Tennessee Smart Yards Native Plants

A comprehensive database of Tennessee native plants

Bur Oak, Mossycup Oak

Bur Oak, Mossycup Oak

Quercus macrocarpa

Full sun; medium to dry moisture level; grows in a wide range of soils including medium loam, silt loam, sandy loam, sandy, rocky, and heavy clay; strongly acid to slightly alkaline pH.

70-80 feet height by 70-80 feet spread; blooms in spring with drooping, yellowish-green male catkins, 1-2 inches long, and inconspicuous yellowish-green female spikes; tan-brown acorns, ¾ – 1 ¼ inch long with fringed cup covering ½ or more of the nut, in fall. Acorn matures in a single season.

Growth Rate: Slow; 15-20 feet on average over 20 years.

Maintenance: All oaks are susceptible to a large number of diseases, including oak wilt, oak leaf blister, cankers, leaf spots and powdery mildew. Potential insect pests including scale, oak skeletonizer, leaf miner, oak lace bugs, borers, caterpillars and nut weevils. Notwithstanding these problems, oaks are generally considered to be low maintenance trees.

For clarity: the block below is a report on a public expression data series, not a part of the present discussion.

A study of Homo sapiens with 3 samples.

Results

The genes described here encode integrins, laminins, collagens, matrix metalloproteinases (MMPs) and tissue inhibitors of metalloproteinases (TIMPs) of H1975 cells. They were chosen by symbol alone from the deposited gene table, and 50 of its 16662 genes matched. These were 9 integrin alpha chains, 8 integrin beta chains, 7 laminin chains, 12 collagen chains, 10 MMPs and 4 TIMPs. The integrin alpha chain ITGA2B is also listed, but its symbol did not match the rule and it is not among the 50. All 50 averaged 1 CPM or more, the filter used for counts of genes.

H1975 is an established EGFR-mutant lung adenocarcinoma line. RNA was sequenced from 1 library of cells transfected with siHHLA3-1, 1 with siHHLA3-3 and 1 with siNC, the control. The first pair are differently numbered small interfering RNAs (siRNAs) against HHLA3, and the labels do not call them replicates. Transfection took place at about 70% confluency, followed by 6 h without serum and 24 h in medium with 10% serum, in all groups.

Propagation: Seed germination code A. Also C(30-60) at 41 degrees F. may be beneficial. Due to a deep taproot, best to simply plant an acorn directly in ground or do container-grown seedlings in deep containers for no more than 1-2 years.

Native Region: Limited areas of Coastal Plain and Interior Low Plateau provinces

Large canopy tree that is one of the most majestic of the native North American oaks with a very wide, open crown. Excellent landscape specimen that is easy to grow. This is a large shade tree for very large lawns or parks. Fall color is an undistinguished yellow-brown. Grows naturally on sandy plains to moist alluvial bottoms and on uplands where it favors limestone soil. Succeeds well even in dry, clay soils and is more tolerant of city conditions than most oaks. Drought tolerant and intolerant of flooding. Macrocarpa comes from Greek words meaning large fruit and reflects fact that acorns of this species are the largest of all native oaks.   Average minimum acorn-bearing age is 35 years. Good crops occur every 2-3 years. Common name describes the cup of the acorn which slightly resembles bur of a chestnut. Cultivars available.

Very high wildlife value. Provides food for a wide variety of songbirds, ground birds, waterbirds, and small mammals. As it reaches maturity, provides roosting, loafing and nesting for numerous species of birds. Attracts butterflies.